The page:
When a Memorandum of OGML Gets Filed, Does It Replace the Full OGML That I Signed?
No, it does not, ever. The full OGML an owner signs is the contract that is enforceable, not the Memorandum. It is very common today for oil companies to record a Memorandum of Oil, Gas and Mineral Lease in place of recording the original, signed oil and gas lease. Recording the OGML is not what makes it enforceable. It is enforceable the minute it is signed and delivered to the Lessee (or landman representing the Lessee) and it is accepted. A Memorandum is only a summary version of that original OGML.
A Memorandum of OGML is recorded instead of the original lease because the oil company must protect its rights as the Lessee by filing notice that a full OGML was taken from that owner covering the owner’s mineral rights in the lands described in the Memorandum. Filing the Memorandum puts the world on notice that the Lessee has taken a lease covering the Lessor’s mineral rights in the lands described in the original lease. We call this “third party notice” in the industry. The Memorandum of OGML is not what is enforceable as a contract, it is the unrecorded original lease summarized by the Memorandum that remains enforceable until it expires under its own terms.
An oil company prefers to file a Memorandum instead of the original, signed oil and gas lease for one primary reason: the original, signed oil and gas lease contains terms that the oil company doesn’t want the world to know. Specifically, they don’t want other owners (still unleased) in the area to know what terms this Lessor received; those landowners likely will demand the same. This can cause a leasing budget to get completely out of hand (and sometimes even shut it down entirely) so a Memorandum allows the oil company to negotiate with each landowner separately, without each of them knowing what others have already negotiated. There’s nothing ethically wrong with this, and it in no way cheats one landowner out of something just because another landowner got it and they didn’t.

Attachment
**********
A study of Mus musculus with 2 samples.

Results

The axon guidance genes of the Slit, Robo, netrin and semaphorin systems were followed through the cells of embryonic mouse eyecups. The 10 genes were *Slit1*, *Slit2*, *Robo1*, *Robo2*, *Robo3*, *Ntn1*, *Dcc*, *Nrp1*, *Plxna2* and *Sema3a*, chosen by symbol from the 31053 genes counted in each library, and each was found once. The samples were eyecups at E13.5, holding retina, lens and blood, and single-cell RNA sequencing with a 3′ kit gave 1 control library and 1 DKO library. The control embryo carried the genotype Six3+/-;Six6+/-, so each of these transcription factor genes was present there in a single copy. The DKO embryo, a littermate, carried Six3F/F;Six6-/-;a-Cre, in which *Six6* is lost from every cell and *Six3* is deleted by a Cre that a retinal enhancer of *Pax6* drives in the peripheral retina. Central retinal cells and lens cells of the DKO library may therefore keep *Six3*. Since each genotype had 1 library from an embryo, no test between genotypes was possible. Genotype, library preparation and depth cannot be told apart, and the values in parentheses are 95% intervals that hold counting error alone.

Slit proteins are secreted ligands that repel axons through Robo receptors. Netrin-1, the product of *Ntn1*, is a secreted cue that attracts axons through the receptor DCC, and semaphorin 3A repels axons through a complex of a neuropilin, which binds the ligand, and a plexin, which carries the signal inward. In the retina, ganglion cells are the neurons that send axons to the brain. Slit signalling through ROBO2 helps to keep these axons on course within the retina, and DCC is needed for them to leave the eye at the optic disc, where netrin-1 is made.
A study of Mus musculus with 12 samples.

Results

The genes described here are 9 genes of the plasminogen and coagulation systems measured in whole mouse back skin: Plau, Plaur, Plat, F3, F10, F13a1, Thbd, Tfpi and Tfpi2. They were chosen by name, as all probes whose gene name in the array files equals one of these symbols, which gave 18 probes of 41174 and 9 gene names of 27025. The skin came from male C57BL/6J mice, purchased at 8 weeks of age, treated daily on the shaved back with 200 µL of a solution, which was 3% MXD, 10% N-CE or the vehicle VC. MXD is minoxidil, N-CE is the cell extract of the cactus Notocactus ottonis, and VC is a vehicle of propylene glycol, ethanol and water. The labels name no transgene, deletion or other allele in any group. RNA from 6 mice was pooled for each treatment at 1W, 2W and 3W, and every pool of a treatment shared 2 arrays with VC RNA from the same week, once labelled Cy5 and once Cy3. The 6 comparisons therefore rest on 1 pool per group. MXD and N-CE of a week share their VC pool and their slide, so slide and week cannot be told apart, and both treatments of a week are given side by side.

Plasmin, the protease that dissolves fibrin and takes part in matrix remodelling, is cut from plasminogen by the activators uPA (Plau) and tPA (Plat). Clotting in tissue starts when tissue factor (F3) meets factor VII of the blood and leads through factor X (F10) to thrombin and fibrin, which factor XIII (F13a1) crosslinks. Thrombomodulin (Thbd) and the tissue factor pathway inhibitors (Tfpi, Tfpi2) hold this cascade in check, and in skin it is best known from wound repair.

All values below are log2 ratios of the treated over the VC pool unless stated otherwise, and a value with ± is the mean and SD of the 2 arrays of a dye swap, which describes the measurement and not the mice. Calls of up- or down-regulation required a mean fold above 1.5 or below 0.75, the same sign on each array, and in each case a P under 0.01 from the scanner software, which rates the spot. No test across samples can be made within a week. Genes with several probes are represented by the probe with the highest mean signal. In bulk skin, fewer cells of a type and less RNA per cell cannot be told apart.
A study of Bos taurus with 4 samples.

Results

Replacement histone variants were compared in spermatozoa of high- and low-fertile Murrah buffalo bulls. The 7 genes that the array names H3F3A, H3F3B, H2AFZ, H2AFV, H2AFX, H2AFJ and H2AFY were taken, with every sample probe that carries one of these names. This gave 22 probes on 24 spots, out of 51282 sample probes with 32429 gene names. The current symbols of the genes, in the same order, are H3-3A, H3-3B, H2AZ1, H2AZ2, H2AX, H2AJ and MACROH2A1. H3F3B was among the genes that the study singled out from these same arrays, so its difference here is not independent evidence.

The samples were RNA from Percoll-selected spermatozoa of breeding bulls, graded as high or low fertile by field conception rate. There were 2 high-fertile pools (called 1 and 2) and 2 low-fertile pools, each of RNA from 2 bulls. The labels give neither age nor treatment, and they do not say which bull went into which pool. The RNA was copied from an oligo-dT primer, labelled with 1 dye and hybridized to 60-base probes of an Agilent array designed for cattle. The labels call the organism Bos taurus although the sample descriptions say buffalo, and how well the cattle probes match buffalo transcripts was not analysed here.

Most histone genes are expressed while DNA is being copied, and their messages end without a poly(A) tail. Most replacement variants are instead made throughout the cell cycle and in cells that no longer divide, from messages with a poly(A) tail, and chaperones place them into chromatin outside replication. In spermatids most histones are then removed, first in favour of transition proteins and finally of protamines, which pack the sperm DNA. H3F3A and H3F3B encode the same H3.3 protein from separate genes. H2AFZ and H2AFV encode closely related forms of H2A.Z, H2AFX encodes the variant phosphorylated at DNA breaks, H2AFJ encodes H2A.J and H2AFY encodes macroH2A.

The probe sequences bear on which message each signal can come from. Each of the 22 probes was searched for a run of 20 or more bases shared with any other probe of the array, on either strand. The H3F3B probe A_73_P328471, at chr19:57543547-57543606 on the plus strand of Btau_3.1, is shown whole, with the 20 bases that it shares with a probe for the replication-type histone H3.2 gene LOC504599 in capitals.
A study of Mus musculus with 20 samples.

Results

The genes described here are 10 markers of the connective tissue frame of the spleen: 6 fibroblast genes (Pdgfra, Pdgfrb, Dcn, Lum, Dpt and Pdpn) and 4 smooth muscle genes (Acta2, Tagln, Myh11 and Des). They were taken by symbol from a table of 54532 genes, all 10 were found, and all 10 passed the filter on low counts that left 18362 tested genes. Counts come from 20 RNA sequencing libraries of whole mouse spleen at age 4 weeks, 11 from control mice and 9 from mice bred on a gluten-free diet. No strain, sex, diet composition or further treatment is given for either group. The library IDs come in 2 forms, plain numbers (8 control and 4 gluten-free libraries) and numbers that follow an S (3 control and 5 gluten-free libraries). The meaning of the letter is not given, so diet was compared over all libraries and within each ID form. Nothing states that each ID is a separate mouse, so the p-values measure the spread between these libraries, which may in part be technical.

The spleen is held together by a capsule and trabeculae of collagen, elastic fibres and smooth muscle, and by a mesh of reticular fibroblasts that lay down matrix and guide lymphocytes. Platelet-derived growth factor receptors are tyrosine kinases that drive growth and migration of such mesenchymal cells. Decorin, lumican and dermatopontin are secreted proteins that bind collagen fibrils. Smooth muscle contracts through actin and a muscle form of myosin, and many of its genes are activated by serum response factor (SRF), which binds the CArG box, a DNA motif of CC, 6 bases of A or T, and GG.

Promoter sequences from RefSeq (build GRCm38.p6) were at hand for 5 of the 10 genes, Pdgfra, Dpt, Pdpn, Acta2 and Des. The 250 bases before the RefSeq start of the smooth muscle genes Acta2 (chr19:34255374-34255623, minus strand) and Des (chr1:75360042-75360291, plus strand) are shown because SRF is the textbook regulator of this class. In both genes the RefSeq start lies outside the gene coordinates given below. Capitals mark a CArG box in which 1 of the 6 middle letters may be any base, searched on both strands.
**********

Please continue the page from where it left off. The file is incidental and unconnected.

Terms of an OGML that are most sensitive and disruptive to ongoing lease negotiations in an area are: royalty rate, term of the lease (6 months instead of 3 years, for example), and a long list of special provisions in an Addendum that creates special handling for the lease for its entire life. Usually only the larger landowners, those who own at least 10% of the total mineral rights in what will eventually be a pooled unit, have the clout to negotiate big leases like those containing 25% or even 30% royalty rate. In fact, rarely have I seen leases with a royalty rate greater than 30% royalty that did not cover at least 50% of the total, pooled mineral rights in the entire producing unit.
Owners should not be nervous allowing an oil company to file a Memorandum of OGML in the courthouse instead of the original, signed OGML, except the owner should understand that they can never get a copy of their original, signed, full-length OGML from the courthouse in case they lose the original they are given at signing. That's because it never gets filed of record there. For that reason, it’s extremely important for a mineral rights owner with an unrecorded lease to store that lease in a very safe place, forever. Leases sometimes can last for decades, for as long as that lease continues to produce oil or gas. And, the owners should understand that they can never file their copy of the lease into the county records without the probability of serious legal problems with the oil company (or current Lessee owner of the lease).